Often referred to as “Britain’s most-hated tax”, Inheritance Tax (IHT) is one of the heftiest charges applied in the UK.
IHT sits at 40% as standard and can kick in when your chosen loved ones (known as your “beneficiaries”) receive money or assets from your estate after you pass away.
In the 2023/24 tax year, you can pass the first £325,000 of your estate to your beneficiaries IHT-free. You may also be able to pass up to an additional £175,000 if your direct descendants (that is, children and grandchildren) inherit your main residence, taking your total tax-free estate to up to £500,000.
Your spouse or civil partner has their own nil-rate bands, too, meaning you may be able to pass on up to £1 million without your loved ones facing an IHT bill.
However, any value that exceeds these thresholds may be subject to IHT at 40%, potentially landing your loved ones with a hefty tax bill.
As a result, you may be looking for ways to reduce your liability, so your loved ones don’t face a charge when you pass away.
There are various well-documented methods of reducing IHT on your estate. And indeed, there is one method that could be particularly useful for you, yet very few people make the most of it.
Read on to discover how this rule works, whether it could be effective for you, and the criteria you must meet to be able to use it.
Gifting money can be an effective way to potentially reduce an IHT bill
One of the most popular methods to reduce IHT on your estate is by gifting wealth to your loved ones during your lifetime.
By using rules and exemptions to give your wealth to your loved ones while you’re still alive, you may be able to reduce the size of your estate so that it no longer exceeds the nil-rate bands.
For example, you could use the “annual gifting exemption”, under which you can gift money each tax year and have it immediately fall outside of your estate. In 2023/24, this is up to £3,000, or £6,000 when combined with your spouse or civil partner. You can carry forward any unused exemption from the previous tax year.
Alternatively, you could make use of the “seven-year rule”, potentially allowing you to pass on an unlimited amount IHT-free, providing that you outlive the gift for seven years. This is known as a potentially exempt transfer, or “PET”.
However, the constraints and complexities associated with these rules may make them difficult for you to use effectively. This is where another, lesser-used method of gifting wealth could be useful for you.
This rule is known as “gifting from surplus income” and essentially allows you to give wealth to your loved ones directly from your income. This money then immediately falls outside of your estate for IHT purposes.
This can be a hugely effective way for you to pass on wealth without worrying about IHT. Yet, very few people make use of it, with figures published in the Telegraph showing just 430 families gifted wealth under this rule last year.
You can make IHT-free gifts directly from your income to your loved ones
Under the gifting from surplus income rule, you can pass wealth directly from your income to pay for regular costs for your loved ones.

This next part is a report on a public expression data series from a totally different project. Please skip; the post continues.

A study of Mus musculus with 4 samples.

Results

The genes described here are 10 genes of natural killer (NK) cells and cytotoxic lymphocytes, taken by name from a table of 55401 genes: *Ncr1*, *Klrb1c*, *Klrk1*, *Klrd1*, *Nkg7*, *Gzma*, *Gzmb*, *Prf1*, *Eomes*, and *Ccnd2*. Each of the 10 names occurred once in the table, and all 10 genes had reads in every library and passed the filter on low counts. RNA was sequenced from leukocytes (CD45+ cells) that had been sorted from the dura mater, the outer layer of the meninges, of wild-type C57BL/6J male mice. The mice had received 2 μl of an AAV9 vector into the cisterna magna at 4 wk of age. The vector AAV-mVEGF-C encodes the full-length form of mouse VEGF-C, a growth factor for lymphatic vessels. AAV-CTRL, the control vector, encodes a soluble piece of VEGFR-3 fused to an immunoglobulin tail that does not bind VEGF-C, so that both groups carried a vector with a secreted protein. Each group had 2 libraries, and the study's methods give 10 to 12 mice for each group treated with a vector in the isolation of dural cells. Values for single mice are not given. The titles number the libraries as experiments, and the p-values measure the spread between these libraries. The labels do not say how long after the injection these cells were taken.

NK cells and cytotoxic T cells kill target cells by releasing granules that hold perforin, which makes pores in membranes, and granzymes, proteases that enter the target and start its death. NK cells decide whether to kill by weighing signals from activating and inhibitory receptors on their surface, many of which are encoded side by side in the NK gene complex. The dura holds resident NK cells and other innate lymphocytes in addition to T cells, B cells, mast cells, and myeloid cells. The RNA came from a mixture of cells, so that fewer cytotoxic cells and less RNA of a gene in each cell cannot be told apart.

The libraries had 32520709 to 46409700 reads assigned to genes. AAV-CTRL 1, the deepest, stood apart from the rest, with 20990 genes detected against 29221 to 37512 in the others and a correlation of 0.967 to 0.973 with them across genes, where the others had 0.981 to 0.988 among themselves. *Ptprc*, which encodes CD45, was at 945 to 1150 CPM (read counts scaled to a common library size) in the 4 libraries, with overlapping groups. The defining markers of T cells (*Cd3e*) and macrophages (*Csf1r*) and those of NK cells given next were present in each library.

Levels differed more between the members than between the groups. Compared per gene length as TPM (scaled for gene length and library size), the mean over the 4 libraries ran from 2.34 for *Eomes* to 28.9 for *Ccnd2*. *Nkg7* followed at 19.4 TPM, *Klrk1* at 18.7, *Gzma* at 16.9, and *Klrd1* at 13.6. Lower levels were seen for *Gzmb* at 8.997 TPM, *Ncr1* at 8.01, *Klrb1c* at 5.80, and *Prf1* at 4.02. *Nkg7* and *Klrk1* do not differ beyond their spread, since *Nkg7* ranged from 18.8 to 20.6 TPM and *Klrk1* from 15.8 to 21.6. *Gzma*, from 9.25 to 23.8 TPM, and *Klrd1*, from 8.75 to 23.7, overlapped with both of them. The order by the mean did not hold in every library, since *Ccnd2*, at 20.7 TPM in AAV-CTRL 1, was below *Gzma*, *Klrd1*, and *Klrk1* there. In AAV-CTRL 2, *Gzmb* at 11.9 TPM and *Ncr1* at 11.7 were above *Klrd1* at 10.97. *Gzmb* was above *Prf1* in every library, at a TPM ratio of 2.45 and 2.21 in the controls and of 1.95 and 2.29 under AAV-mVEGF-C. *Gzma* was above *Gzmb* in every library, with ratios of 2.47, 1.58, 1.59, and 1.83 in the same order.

That means, rather than gifting savings using another exemption or with the hope that you’ll survive for at least seven years, you instead pass on money from your income directly.
This can be a hugely powerful tax break, as what you’re able to pass on tax-free can far exceed other exemptions and allowances.
For example, imagine that you and your spouse or civil partner use your full annual gifting exemptions as described above every year for a decade. Let’s assume you can each carry forward one full year of exemption, meaning you pass on £12,000 in the first year.
In total, that means you’d gift £66,000 to your loved ones that would fall outside the value of your estate.
Compare this to gifting money directly from your income. In this instance, let’s assume you’re doing so to provide money for a child or grandchild’s school fees, a common use of this rule.
The Independent Schools Council measured the average termly cost of a non-boarding day school in 2023 to be £5,552 – that’s £16,656 a year.
Using the gifting from income exemption to pay these fees for 10 years for a child or grandchild, you could gift £166,560 and have it fall outside your estate for IHT purposes.
So, in this instance, you could pass on an additional £100,000 IHT-free to your loved ones compared to using the annual gifting exemption. This could help you further reduce the size of your estate so that far less of your wealth exceeds the nil-rate bands.
Your gifts must meet strict criteria to fall outside of your estate
While this rule can be useful, it’s perhaps unsurprising that it comes with a set of criteria you must meet to be able to make the most of it.
Firstly, the gift must be made directly from income, not capital. This includes the source of the income, and how long you’ve held it since earning it.
Secondly, the gifts must be regular and in a settled pattern. This is why school fees are a common use of this exemption, as they are regular and provable over time.
Finally, making the gift must not affect your usual standard of living. You must be able to continue to meet your normal living expenses, or the gifts may be deemed invalid on your death and may count as taxable for IHT purposes.
As a result of these rules, it’s often sensible to speak to an expert before looking to make gifts from your income.
The Financial Conduct Authority does not regulate estate planning, tax planning or will writing.